There are a couple question here, so I'll start with the various grounds.
Kinds of Ground
- Standard ground symbol. If you don't have a specific use for the other symbols, then just use this one. More often than not, separating grounds will lead to trouble, so if you don't know that you need to do it, then avoid it altogether.
- This is your "analog" ground. Typically used for referencing the analog inputs in an analog to digital (A/D) converter. Note that while the symbol is the same as the plain
GND, the label name is different and thus they will not connect by default.
- This is your "digital" ground. This is the other side of the A/D converter. It provides the reference for your digital outputs.
- This is a "power" ground or chassis ground. This symbol is used in circuits to represent the local reference potential. Usually, the ground of the metal case that holds your circuit. It can indicate that there is a substantial potential difference between this ground and the earth ground or structure in which the chassis is mounted. Note that IEC and ANSI both use 3 prongs in their symbol but KiCad uses 5.
- Earth ground. Also known as reference ground or "real" ground. This usually represents the 0 voltage of your building. If you use this symbol in your schematic, you are saying that the point is meant to connect directly to some physical piece of metal in your room that is connected to the actual dirt. In a standard 220V AC power cord, this would be your third (green) wire. N.B. This does not mean that this voltage is clean or steady or any other variation of perfect. It only indicates that there is no circuitry between it and the dirt outside.
- This symbol (IEC 60417 #5018) represents a "clean" ground. In this sense, it means a specially-designated ground that is protected from noise sources to ensure correct operation of sensitive equipment.
- This symbol (IEC 60417 #5019) represents a terminal that is designated for protection against external shock in case of a system malfunction. Note that the symbol name is "protective" and not "protected". That is to say, things connecting here are meant to protect you and not the items connected to this terminal.
Grounds in KiCad
To examine grounds in KiCad, let's open the standard
GND symbol in the Symbol Library Editor.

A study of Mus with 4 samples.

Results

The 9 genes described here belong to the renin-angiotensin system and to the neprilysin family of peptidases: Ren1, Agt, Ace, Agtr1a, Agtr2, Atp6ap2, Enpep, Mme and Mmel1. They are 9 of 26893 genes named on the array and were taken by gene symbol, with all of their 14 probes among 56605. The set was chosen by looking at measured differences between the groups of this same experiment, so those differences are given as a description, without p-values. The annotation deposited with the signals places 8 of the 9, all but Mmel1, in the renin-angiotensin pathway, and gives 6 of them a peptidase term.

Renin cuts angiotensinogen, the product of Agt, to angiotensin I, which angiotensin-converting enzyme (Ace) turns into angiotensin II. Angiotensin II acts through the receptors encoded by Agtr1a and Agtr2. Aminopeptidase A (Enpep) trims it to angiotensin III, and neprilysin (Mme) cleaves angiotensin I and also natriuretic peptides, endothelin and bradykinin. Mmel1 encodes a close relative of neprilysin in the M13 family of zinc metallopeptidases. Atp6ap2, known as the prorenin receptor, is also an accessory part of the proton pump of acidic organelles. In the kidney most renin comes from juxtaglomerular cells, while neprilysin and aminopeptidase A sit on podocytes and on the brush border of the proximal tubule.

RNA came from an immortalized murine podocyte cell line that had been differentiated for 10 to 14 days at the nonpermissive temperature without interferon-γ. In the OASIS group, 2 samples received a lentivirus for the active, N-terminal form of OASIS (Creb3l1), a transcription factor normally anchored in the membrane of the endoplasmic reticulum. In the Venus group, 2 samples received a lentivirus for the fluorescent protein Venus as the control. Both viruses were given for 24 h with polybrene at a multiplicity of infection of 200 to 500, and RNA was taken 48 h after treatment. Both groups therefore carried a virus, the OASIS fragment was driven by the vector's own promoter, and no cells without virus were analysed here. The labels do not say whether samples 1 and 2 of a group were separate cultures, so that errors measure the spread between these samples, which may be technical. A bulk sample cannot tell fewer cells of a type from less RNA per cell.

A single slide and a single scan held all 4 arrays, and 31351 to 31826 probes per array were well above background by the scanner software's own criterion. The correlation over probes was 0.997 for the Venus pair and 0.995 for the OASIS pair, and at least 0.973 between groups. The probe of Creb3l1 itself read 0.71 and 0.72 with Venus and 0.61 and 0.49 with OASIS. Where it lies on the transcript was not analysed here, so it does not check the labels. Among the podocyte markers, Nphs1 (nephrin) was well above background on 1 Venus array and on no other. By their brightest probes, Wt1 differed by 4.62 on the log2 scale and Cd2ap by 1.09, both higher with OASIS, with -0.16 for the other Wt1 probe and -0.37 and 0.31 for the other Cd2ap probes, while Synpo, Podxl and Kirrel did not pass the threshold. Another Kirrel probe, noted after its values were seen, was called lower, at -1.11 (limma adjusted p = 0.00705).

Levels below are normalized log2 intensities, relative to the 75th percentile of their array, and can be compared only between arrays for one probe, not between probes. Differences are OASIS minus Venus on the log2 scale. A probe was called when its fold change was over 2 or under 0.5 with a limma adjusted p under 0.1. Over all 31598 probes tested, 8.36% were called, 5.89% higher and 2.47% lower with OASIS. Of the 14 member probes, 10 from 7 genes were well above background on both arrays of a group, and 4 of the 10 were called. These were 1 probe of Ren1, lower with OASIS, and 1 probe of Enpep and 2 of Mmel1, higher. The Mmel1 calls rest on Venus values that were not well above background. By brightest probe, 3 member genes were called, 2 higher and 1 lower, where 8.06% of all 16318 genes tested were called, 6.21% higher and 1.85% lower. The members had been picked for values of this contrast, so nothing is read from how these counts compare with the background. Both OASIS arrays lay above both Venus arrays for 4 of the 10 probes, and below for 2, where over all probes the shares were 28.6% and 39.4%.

There are a few things to note here. First, all of the grey text are marked "Invisible" in the schematic, so you will not see them by default when you place the symbol.
#PWR? is the symbol reference. By prefixing it with
#, the symbol is not added to your Bill of Materials. The
? is not part of the reference string (you will not see it when editing the reference). It is a placeholder to denote the unique number that will be assigned during schematic annotation depending on the other
#PWR symbols in your schematic.
- The pin on the symbol is pin number
1 and is labeled
GND. Because it is an invisible power input pin, KiCad will create a global label for it. The global label will be named
GND as that is the name of the pin.
- In the case of
GNDA, the invisible power input pin is labeled
GNDA. and creates a new global label with that name. These do not connect between grounds. So, you can have
GNDA in your circuit and they will be seen by KiCad as distinct nets.
If you use multiple grounds, it is usually (read: always!) necessary to connect them together at some point. If you plan on disconnecting the grounds at some point, you might use a 0-ohm resistor or inductor to connect them. However, most applications will want to simply isolate the current loops in a section of the board and then want a single, common connection point that is printed on the circuit.
In KiCad, these are called "Net Ties". You can find them in the common v5 libraries under "Device". They look like this:
And the standard footprint looks like this:
Note that you can adjust this footprint to your liking. The "magic" of a net ties is that there needs to be a polygon on the
F.Cu layer that overlaps the two SMD pads. This allows you to connect to distinct nets, e.g.
GNDD at a specific point in your circuit while still maintaining separate nets and ground planes.
If you connect the two ground nets together with just a wire like this:
Then, KiCad will recognize this as a single net with two labels (
GNDD). In your netlist and by extension pcbnew, KiCad will choose
GNDA for the single net label because it is alphabetically first.
If you want to keep the two nets distinct in your layout and only connect them with a net tie, then you need to set up the connection in your schematic to look like this:
Placing the net tie between the two nets tells KiCad that you want two nets with a single connection between them.